Ireland fails to justify selective treatment of Apple, commission says

Irish Apple subsidiaries used in way that ‘did not correspond to economic reality’

The European Commission has published its full decision on the finding that Ireland offered computer giant Apple up to €13 billion in illegal state aid. Cliff Taylor explains the controversial decision. Video: Apple, Reuters

 

The Irish Government has failed to put forward any justification for why Apple received “selective treatment” when it came to paying tax in Ireland, the European Commission has said.

Publishing its full decision on the controversial finding that Ireland offered computer giant Apple up to €13 billion in illegal state aid rulings, the commission states that two tax rulings issued by Ireland to the company substantially and artificially lowered the tax paid by Apple in Ireland since 1991.

It found that two Apple subsidiaries – Apple Sales International and Apple Operations International – were used in a way that “did not correspond to economic reality”.

This amounted to the “selective tax treatment” of Apple in Ireland, the commission found, because it gave Apple a significant advantage over other businesses subject to the same national taxation rules.

The commission examined in detail tax judgements issued by the Revenue Commissioners to Apple in 1991 and 2007. They found that Revenue was mistaken in the way it handled the allocation of profits between different parts of the Apple operation and did not require Apple to provide it with detailed data to back these up. This allowed it to move money to two companies that were “stateless”, thus sharply lowering its tax bill in Ireland, the commission found.

The Government strongly disputes this, arguing that the profits the commission said should have been taxed here were not in any way attributable to Ireland.

Sweeping theory

On Monday afternoon, a US treasury department spokesman also rejected the commission’s reasoning.

The department had reviewed the commission’s decision against Apple and “we continue to believe the commission is retroactively applying a sweeping new state aid theory that is contrary to well-established legal principles, calls into question the tax rules of individual countries, and threatens to undermine the overall business climate in Europe.

Moreover, he added, “it threatens to erode America’s corporate tax base”.

As part of its effort to prove that Apple was given a “selective” advantage, the commission examined tax rulings in relation to 14 other companies . Like Apple, these involved the allocation of profits between nonresident companies and their Irish branches.

On this crucial issue, the commission states that it was “unable to identify any consistent set of rules that generally apply on the basis of objective criteria to all nonresident companies operating through a branch in Ireland”, based on its examination of the tax rulings submitted by Ireland to the commission.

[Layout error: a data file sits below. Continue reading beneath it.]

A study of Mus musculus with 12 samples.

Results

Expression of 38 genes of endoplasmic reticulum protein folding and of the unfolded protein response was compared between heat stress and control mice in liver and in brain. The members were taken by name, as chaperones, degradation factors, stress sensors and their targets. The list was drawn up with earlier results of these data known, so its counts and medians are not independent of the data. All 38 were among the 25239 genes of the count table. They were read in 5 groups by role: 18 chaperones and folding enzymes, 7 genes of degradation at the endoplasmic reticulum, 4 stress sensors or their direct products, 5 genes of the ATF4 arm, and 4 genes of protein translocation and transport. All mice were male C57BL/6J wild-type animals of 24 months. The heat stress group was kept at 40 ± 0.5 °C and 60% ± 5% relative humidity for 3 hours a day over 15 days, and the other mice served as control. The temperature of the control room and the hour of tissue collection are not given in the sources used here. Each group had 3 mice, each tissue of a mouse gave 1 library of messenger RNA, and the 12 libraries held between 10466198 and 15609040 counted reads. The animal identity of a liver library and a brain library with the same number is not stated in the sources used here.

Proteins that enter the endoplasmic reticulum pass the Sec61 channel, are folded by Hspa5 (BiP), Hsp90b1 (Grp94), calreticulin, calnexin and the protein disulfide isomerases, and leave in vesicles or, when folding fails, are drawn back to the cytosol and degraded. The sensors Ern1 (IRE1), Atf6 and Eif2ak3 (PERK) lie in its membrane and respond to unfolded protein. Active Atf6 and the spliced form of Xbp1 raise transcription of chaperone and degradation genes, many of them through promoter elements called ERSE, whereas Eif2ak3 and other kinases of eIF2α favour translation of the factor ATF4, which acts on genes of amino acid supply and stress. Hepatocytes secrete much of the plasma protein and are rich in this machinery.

Though names of specific companies are omitted from the full version of the document published on Monday due to confidentially concerns, the commission sets out in detail the tax arrangements of a number of multinationals operating in Ireland.

A total of 19 dozen tax rulings offered by Ireland to multinationals other than Apple from 1998 are outlined.

Because there were no objective rules operating in Ireland, Revenue thus had discretion in what to do, the commission argued. It found that it conferred a selective benefit to Apple and states that Ireland “has not put forward any justification at all for the selective treatment” of the US multinational.

Arm’s length

The commission responded to claims by Ireland that it relies on nonbinding OECD recommendations on arm’s length principle that date from 2010. It considers the OECD framework “to provide useful guidance to tax administrations and multinational enterprises on how to ensure that transfer pricing and profit allocation arrangements produce outcomes in line with market conditions”.

It continues: “Therefore, to the extent a profit allocation method departs from the guidance provided by that framework, this provides an additional indication that that method does not result in a reliable approximation of a market-based outcome in line with the arm’s length principle.”

The initial ruling against Ireland was published on August 30th, after more than three years of inquiries.

On the issue of selective advantage granted to Apple, the ruling notes that Apple has argued that transactions between related companies are not comparable to transactions between unrelated companies. The commission disputes this reading.

The commission also takes issue with Ireland’s claim that resident and nonresident companies must be taxed on the same basis as regards what sources of income fall to be taxed.

Responding to the European Commission’s ruling, Apple accused it of having a “pre-determined outcome” since the beginning of its investigation.

Business group Ibec and Oxfam are among a number of interested parties who made submissions to the commission. In particular, Ibec noted the impact of the decision on the business environment, the full decision states.